Keneged Kulam Redux
A few weeks ago, I wrote a post entitled K'neged Kulam!, about how the phrase Talmud Torah K'neged Kulam is an exaggeration and does not actually mean that learning Torah is as important as everything else together. While many people appreciated the post, one reader told me this week that his chavrusa became apoplectic with rage! Anyway, one reader submitted a superb insight, which I subsequently added to the original post, but which many readers may not have seen and which deserves attention.
The version that we say in Shacharis, which has a long list of mitzvos regarding which it is said that Talmud Torah K'neged Kulam, is not the original text. The original text is a Mishnah in Pe'ah, where it lists only three mitzvos, and then says Talmud Torah K'neged Kulam. This text also has a corresponding text regarding sins, which is found in the Tosefta in Pe'ah. It states as follows:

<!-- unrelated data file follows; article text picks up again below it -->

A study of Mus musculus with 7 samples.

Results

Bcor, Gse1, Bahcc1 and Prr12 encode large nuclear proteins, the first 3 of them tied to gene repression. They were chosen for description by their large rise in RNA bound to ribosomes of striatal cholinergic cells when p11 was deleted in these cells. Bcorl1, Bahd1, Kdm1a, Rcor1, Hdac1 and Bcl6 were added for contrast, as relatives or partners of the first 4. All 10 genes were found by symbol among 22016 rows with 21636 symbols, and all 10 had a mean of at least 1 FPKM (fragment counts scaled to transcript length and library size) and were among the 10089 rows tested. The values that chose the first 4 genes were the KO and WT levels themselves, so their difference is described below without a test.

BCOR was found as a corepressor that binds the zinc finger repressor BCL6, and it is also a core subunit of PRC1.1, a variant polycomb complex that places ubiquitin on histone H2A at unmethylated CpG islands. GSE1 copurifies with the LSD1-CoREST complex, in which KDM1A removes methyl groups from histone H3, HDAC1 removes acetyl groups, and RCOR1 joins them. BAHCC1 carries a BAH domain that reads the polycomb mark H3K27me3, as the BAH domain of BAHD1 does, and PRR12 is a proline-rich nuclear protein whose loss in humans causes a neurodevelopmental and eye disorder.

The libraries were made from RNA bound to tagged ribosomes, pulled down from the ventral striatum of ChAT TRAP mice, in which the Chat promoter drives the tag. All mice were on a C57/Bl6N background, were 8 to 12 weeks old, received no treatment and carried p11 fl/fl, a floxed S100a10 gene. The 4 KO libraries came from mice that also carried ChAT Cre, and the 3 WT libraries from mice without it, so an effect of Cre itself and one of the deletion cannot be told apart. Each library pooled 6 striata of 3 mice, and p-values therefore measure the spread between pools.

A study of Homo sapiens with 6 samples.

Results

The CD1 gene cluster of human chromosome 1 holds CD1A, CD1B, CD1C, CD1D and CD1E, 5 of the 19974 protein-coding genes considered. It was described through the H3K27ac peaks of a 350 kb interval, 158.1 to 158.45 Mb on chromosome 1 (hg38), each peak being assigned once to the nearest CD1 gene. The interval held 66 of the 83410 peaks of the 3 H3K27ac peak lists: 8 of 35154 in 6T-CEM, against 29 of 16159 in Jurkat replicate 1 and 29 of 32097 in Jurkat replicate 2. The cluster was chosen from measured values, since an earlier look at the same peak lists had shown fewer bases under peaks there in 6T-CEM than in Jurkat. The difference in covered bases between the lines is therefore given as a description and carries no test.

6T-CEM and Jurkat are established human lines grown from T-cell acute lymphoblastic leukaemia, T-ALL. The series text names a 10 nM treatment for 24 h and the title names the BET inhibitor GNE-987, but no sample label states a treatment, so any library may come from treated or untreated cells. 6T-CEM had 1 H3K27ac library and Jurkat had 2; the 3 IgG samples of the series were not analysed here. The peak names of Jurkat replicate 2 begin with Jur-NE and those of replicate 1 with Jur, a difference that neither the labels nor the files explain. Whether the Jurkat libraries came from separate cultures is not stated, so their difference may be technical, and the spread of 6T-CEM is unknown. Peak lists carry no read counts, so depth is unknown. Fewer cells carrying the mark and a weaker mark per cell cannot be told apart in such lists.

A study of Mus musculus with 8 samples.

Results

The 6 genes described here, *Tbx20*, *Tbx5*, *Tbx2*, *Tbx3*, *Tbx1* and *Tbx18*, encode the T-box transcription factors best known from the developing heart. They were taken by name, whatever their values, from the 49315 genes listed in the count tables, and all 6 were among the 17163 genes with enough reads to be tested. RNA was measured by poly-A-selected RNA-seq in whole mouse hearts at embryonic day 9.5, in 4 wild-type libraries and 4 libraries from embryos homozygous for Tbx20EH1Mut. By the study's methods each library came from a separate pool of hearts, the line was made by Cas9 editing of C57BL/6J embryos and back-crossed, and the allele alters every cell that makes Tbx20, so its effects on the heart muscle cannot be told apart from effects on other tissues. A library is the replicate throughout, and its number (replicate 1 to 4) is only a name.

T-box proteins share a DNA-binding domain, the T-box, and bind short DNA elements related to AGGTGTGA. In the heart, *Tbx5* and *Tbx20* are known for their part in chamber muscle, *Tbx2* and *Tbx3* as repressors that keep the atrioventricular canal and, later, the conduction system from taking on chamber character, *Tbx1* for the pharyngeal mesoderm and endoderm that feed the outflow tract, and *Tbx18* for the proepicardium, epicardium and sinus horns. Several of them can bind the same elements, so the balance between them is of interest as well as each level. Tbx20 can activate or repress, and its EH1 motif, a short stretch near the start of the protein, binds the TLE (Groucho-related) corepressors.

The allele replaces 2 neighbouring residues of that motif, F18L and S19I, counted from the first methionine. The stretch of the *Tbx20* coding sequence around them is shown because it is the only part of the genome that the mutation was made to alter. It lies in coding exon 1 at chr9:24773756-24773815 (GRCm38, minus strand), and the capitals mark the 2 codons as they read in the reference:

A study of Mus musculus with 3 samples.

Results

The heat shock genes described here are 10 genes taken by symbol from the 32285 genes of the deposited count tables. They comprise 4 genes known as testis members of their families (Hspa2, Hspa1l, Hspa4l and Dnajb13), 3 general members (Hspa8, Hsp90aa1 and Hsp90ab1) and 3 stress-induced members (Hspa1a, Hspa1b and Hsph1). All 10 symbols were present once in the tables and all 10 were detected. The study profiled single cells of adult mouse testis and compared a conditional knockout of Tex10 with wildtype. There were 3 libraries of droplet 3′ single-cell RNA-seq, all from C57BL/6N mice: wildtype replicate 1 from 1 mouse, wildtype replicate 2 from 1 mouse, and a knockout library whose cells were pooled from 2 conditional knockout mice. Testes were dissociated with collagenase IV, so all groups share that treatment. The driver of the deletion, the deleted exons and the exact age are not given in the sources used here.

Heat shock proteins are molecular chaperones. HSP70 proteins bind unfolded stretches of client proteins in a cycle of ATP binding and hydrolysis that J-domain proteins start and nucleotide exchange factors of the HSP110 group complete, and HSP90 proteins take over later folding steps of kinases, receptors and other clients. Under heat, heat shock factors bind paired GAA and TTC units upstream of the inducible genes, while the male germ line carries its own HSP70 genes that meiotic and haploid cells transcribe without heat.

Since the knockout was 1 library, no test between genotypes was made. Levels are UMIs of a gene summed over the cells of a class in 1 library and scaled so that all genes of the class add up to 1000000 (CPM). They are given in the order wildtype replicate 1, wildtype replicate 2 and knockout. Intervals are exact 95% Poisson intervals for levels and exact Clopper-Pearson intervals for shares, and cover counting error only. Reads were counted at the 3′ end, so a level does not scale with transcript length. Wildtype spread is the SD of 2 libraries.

על אילו דברים נפרעין מן אדם בעולם הזה והקרן קיימת לעולם הבא: על עבודה זרה ועל גלוי עריות ועל שפיכות דמים, ועל לשון הרע כנגד כולם.
For these things a person is punished in this world, but the principle remains for the World-To-Come: Idolatry, forbidden relationships and murder. And lashon hara k'neged kulam.
Lashon hara is bad, but is it really worse than idolatry, adultery and murder? Of course not. After all, you don't have to sacrifice your life rather than say lashon hara! (This reminds me of a kiddush I attended last Shabbos, where a speaker quoted something about talking during davenning being like murder. A friend seemingly found it necessary to explain to his son that it doesn't mean that it's actually as bad as murder!) Obviously, Chazal's point is to emphasize the severity of lashon hara, which can be far-reaching in its effects.
So, Talmud Torah is equal to all other mitzvos in the same way that lashon hara is equal to idolatry, adultery and murder. I.e., not really.